Saturday, June 24, 2017

Unicorn Cult

One of my proudest moments as an academic came during a panel discussion on fair trade in 2013, when the economist sitting next to me wrote "pink unicorn" in her notebook, exclaiming that she would be borrowing my metaphor for her own teaching. This was especially gratifying to me, because I see almost the entire field of economics as deluded by its fixation on free markets.

What the Free Market looks like.
I recently became aware of Chris Floyd's short, brilliant, and important 2008 article, The God That Failed that sheds important light on how damaging that fixation has become, and how so many people have been taken in by it. Writing just after the bubble burst (and coincidentally, shortly before I started blogging), Floyd explains how the simplistic pronouncements of Thatcher, Reagan, and Norquist became deeply embedded in our politics over the previous three decades, normalizing the impoverishment of public institutions.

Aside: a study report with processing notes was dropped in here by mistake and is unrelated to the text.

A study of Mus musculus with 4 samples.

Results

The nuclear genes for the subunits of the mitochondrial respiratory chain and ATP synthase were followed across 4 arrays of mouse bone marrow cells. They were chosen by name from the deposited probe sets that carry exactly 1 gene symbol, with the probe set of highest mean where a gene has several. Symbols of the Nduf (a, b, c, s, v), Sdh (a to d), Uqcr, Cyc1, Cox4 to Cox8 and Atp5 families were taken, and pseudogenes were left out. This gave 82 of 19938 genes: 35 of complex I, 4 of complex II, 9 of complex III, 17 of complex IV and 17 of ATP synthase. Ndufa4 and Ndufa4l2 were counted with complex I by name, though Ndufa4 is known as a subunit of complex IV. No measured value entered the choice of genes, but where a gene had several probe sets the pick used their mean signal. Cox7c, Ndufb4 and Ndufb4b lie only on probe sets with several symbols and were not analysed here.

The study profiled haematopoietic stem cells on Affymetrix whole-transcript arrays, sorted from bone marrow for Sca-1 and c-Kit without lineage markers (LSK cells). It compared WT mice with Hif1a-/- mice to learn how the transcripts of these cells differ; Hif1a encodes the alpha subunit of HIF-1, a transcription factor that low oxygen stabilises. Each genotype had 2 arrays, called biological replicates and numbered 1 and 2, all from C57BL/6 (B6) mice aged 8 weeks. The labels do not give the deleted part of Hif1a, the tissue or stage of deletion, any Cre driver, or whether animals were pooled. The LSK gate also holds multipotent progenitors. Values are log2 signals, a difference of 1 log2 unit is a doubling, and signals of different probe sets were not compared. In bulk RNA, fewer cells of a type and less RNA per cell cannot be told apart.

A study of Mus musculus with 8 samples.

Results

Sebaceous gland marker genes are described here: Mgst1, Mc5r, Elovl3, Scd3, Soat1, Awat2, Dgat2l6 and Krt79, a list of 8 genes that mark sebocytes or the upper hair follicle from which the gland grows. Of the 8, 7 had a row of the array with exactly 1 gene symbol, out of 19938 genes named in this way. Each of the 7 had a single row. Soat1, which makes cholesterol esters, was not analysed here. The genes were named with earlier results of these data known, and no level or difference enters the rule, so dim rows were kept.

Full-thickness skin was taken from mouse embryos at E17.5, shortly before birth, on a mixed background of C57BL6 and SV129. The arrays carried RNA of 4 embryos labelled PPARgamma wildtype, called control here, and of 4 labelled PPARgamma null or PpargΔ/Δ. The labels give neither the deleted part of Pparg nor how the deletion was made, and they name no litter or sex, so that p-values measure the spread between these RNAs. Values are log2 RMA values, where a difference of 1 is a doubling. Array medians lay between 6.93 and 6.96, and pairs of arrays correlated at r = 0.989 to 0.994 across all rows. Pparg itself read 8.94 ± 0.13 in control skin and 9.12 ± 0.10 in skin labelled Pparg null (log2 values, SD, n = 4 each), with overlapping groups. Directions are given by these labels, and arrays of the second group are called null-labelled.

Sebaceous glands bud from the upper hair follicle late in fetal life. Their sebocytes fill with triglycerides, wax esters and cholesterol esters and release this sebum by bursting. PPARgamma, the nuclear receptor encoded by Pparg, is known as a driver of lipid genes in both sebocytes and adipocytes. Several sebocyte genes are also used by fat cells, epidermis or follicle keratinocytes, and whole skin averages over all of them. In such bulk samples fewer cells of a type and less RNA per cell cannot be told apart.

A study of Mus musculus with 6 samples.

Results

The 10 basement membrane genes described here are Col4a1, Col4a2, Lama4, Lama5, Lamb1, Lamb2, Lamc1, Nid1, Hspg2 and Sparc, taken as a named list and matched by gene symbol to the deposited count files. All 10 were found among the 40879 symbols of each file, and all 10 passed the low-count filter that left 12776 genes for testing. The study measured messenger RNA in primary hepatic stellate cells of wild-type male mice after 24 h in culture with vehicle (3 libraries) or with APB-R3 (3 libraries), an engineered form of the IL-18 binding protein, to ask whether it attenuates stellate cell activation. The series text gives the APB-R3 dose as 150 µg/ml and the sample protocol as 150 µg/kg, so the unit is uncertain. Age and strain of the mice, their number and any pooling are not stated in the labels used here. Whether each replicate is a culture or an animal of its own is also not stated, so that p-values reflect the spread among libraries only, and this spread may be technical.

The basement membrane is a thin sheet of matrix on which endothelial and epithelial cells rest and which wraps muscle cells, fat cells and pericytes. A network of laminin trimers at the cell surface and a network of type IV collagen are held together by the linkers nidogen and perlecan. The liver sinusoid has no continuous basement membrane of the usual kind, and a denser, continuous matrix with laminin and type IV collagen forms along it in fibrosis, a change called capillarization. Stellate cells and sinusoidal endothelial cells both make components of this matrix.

As dire as his words were in 2008, he could not have predicted the extent to which the public has accepted and even embraced austerity, transferring trillions of dollars from the bottom 80 percent to the top 1 percent via tax cuts, deregulation, and privatization.


I explain my use of the unicorn metaphor in my 2013 Return of the Pink Unicorn and 2014 Galloping Unicorns posts. Adam Smith's metaphor for the magical market, of course, is the invisible hand. See my 2012 Smashing Hand post for a Monty cartoon and links to several related, mildly risqué, comparisons.